This compact powered foldback speaker puts your vocal sound right where you need it!
Similar in concept to Mackie’s SRM150, and with the same nominal power rating, the LiveSys5 is vaunted as a micro PA and monitor system. While it could be argued that it is more of a personal monitor than it is a PA system, it could perform as a useful extension to an acoustic guitar/vocal combo to help spread the sound, or to handle the vocals for living-room band rehearsals. The LiveSys5 also includes basic mixing facilities, so can be used with a powered extension speaker to form the basis of a small PA.
With the Union flag proudly displayed on the speaker grille and a discreet ‘Made in China’ stamp on the rear, the speaker’s provenance is clearly ‘Designed in the UK, built in China’, which helps account for its attractive price. The moulded plastic cabinet, which has a handle moulded into the top for ease of carrying, is light in weight and angled back slightly to throw the sound upwards. A metal grille protects the speaker. Power comes in on a standard IEC connector with a rocker power switch alongside. A threaded insert in the top allows for the included short extension arm to hold a microphone above the LiveSys5 so that everything can fit on a single stand.
Powered by a 150 Watts (continuously rated) Class-D amplifier and employing a single five-inch driver, this shoe-box-sized powered speaker incorporates a three-channel mixer section comprising a pair of mic/line inputs on balanced TRS/jack ‘combi’ connectors, plus a line input that can be fed in either on a pair of RCA phonos or a 3.5mm stereo mini-jack. Channel one can also be switched to a high-impedance instrument mode.
There’s an overall three-band cut/boost EQ (12kHz, 2.5kHz and 100Hz), switchable 48V phantom power for the mic inputs and — something Mackie don’t offer — an onboard delay effect for those who like to hear a bit of extra ‘wet’ in their monitors. The speaker can mount on a mic stand via the included adaptor, which is ideal for personal monitoring or for use as an extension speaker.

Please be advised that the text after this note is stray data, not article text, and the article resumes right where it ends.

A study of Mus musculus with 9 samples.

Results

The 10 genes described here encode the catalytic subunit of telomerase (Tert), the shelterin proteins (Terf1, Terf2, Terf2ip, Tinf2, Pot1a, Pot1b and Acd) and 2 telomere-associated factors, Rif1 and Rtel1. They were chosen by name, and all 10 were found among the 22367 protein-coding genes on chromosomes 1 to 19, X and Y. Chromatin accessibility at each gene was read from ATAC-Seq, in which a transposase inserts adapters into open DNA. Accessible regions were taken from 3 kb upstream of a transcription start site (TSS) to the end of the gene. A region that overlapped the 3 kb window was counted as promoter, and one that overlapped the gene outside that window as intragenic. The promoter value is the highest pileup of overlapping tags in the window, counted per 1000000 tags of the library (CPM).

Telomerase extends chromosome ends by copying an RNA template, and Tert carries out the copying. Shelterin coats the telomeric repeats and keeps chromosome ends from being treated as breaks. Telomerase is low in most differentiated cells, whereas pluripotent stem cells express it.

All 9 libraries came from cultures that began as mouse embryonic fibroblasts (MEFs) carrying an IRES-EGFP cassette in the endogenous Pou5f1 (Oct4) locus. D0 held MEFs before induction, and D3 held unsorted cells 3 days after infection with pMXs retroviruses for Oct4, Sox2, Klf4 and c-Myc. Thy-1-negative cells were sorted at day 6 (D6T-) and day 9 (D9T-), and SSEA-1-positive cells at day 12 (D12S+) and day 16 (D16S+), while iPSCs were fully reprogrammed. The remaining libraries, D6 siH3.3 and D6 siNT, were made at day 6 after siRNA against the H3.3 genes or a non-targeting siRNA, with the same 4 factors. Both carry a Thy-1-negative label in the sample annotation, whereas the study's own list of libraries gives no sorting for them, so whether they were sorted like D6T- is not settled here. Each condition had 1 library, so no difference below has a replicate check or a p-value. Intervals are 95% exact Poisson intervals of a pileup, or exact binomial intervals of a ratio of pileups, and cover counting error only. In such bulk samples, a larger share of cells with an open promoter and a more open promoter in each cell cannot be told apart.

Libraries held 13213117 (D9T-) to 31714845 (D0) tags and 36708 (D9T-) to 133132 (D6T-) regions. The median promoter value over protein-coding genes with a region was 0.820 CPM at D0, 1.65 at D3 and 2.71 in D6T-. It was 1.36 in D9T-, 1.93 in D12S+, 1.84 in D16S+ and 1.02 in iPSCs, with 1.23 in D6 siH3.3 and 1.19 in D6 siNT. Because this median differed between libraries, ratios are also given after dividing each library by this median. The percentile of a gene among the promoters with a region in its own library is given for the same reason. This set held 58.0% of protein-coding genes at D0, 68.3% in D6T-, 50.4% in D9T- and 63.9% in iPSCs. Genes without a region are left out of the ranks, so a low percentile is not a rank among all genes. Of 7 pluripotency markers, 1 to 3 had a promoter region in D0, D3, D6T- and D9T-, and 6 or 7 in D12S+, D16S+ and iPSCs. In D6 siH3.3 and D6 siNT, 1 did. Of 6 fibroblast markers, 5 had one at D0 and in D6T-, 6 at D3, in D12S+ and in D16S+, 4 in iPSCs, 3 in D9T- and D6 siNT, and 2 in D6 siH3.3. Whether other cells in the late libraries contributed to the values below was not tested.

The mixer panel is safely recessed and all three channels have simple rotary level controls. Above it is the master section with centre-detented rotary controls for the high/mid/low EQ, a phantom power button with status LED, a master volume control and a button above the effect level control that adds the effect either to both mic channels or just to channel two.
On the rear panel there’s an XLR/TRS jack input that can be fed from a console’s monitor mix, but if you prefer to plug your mic directly into the LiveSys5 and then send the signal on to the PA or to a second powered speaker, there’s a balanced XLR ‘thru’ output that can be switched between mic and line level to let you do exactly that.
The LiveSys5 does exactly as intended and, because the low end rolls off fairly steeply (-10dB at 80Hz), it can be cranked pretty loud, hitting a maximum of 114dB SPL at one metre. The -3dB points are 100Hz to 10kHz, which is to be expected given the lack of a separate tweeter. Nevertheless, this covers the essential vocal range pretty well, though I found the vocal sound just a hint dull with all the EQ set flat. A gentle upward nudge of the treble control redressed the balance but you have to be careful not to add too much top as that can aggravate feedback problems.
I tried the LiveSys5 at a pub gig and, though it was easily loud enough, I don’t think I could get quite as much level before feedback as with my Mackie SRM150, once I’d adjusted the EQ for decent clarity. However, it did the job and the LiveSys5 is less than half the price of the Mackie!
The choice of ‘effect’ is curious, as it is simply a preset short echo with enough feedback to add decaying repeats; it sounds almost as though you are singing in a very resonant tunnel. If you add a tiny bit it can help ‘wet’ your vocals, but you wouldn’t want it to be up loud enough to be noticeable.
Overall, then, the LiveSys5 makes a practical personal monitor or extension PA speaker for solo artists or duos playing in small venues. I use personal monitoring at all my pub gigs so need no convincing about the effectiveness of this type of speaker, and I’d have no hesitation in recommending the LiveSys5 as an affordable solution. I’d leave that effect knob turned well down though!
The first personal monitor I saw came from Galaxy Audio, but Mackie’s SRM150 really defined the template for what came after that. Since then personal powered monitors have been built by Wharfedale, TC Electronic, Behringer and others.